Fear of math and science

We can all agree that many children these days prefer not to study very much. I’m not sure if it’s because they are so busy with other things, or that they have been handed so much that the idea of hard work is foreign to them.

Whatever the reason, it’s obvious to parents and teachers across America that kids aren’t putting in the effort to excel in math and science. One explanation may be because math and science generally demand specific solutions, meaning either a right or wrong answer, so for a lot of kids who are scared to fail, or sadly even scared to try, math and science are just pushed away at all costs.

Instead, more kids focus on subjects like history and English, which tend to be more philosophical and interpretive, which allows for more wiggle room and less in the way of hurt feelings.

Don't misinterpret my meaning: Subjects like history and English are imperative to education and add great value to society, but they are not the only things our children should be learning. It is a fact that far more people study these subjects because they fear complete failure in math or science, where strict guidelines and exact answers are expected. Unfortunately, 20 percent off will not make a $40 shirt cost $20, no matter how much you “feel” that it should; the shirt would still cost you $32.

Do you really think that with the brain that either evolution handed down, or God bestowed upon us, we are incapable of learning science and math if we put our mind to it? Absolutely not! We can all learn everything taught in school, it merely requires effort, determination and perseverance. Once learned, it is empowering and enjoyable to utilize these new-learned skills.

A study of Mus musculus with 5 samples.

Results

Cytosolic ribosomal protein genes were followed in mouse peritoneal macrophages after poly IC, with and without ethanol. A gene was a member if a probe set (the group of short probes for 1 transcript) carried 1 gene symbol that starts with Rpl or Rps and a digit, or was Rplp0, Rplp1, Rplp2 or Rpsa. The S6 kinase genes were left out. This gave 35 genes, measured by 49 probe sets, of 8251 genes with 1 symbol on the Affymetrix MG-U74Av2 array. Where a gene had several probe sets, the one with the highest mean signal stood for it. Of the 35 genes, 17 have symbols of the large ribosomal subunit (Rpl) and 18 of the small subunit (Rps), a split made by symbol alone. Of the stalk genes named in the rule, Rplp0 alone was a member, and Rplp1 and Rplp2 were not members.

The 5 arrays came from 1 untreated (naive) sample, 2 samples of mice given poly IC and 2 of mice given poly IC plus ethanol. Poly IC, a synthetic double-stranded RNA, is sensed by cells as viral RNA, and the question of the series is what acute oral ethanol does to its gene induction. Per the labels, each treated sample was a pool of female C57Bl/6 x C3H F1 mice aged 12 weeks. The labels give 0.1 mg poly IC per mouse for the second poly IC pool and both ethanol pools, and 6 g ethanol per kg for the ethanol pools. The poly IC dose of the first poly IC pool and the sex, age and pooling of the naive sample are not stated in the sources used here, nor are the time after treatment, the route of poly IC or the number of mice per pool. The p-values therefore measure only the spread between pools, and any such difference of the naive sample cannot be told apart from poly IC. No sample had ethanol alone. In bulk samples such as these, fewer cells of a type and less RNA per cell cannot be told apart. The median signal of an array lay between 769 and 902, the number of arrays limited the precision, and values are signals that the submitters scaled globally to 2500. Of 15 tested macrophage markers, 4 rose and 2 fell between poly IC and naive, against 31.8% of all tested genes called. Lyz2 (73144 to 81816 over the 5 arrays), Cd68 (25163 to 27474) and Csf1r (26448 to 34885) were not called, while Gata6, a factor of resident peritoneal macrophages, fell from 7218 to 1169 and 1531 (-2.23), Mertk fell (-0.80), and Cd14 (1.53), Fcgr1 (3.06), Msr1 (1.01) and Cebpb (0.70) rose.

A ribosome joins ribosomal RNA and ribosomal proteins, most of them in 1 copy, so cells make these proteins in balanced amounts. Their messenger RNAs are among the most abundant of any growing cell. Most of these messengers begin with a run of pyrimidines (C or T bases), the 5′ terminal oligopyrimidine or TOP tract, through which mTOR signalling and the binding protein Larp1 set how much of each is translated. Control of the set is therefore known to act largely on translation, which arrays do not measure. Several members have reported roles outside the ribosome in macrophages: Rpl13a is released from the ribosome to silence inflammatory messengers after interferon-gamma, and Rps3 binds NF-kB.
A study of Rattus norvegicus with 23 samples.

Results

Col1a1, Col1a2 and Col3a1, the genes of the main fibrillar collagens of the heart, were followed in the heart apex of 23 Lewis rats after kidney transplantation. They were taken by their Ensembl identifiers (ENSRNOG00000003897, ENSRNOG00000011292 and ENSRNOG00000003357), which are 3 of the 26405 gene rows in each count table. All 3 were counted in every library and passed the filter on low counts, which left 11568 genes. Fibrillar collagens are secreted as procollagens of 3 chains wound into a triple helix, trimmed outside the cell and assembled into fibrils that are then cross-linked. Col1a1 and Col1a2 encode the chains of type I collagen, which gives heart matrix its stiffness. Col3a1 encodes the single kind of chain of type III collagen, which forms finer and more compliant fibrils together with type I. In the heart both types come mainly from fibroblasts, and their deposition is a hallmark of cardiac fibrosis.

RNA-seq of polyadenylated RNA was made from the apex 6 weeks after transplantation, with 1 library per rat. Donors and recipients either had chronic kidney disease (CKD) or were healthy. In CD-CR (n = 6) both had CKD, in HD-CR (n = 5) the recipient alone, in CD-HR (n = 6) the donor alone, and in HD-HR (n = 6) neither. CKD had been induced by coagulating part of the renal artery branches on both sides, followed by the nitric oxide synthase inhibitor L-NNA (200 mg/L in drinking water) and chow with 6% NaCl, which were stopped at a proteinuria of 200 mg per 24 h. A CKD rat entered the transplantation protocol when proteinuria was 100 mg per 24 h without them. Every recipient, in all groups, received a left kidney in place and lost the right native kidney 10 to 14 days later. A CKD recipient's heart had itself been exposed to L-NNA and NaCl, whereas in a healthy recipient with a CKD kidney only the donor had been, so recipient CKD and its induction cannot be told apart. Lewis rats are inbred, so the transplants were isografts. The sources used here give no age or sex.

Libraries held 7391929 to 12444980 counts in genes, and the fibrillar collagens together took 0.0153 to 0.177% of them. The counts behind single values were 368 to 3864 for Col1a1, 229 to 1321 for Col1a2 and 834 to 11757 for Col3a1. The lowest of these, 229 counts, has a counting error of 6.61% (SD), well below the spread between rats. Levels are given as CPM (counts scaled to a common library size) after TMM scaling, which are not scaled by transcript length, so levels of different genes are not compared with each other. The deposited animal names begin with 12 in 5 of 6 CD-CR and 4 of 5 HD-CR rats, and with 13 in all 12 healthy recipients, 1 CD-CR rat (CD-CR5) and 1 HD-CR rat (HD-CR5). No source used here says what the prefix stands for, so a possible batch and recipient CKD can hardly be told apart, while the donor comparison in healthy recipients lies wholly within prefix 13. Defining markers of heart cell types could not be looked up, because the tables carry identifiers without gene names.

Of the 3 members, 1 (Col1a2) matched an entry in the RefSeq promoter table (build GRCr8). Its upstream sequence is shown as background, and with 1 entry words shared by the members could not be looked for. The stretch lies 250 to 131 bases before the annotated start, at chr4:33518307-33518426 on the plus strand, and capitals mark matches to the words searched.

We must pass along this attitude to our children and demand that lawmakers, teachers and administrators make math and science a priority in our schools again. Then we must put away our calculators, brush up on our arithmetic and show our children that even old dogs can break out old tricks.

We may not always need math and we may not always like science, but we must always learn and hone these valuable subjects and skills. Given the financial crisis this nation faces, a better understanding of math could make the difference between foreclosure and having peace of mind with your home purchase.

Armstrong Williams is on Sirius/XM Power 169, 7-8 p.m. and 4-5 a.m., Monday through Friday. Become a fan on Facebook at www.facebook.com/arightside, and follow him on Twitter at www.twitter.com/arightside.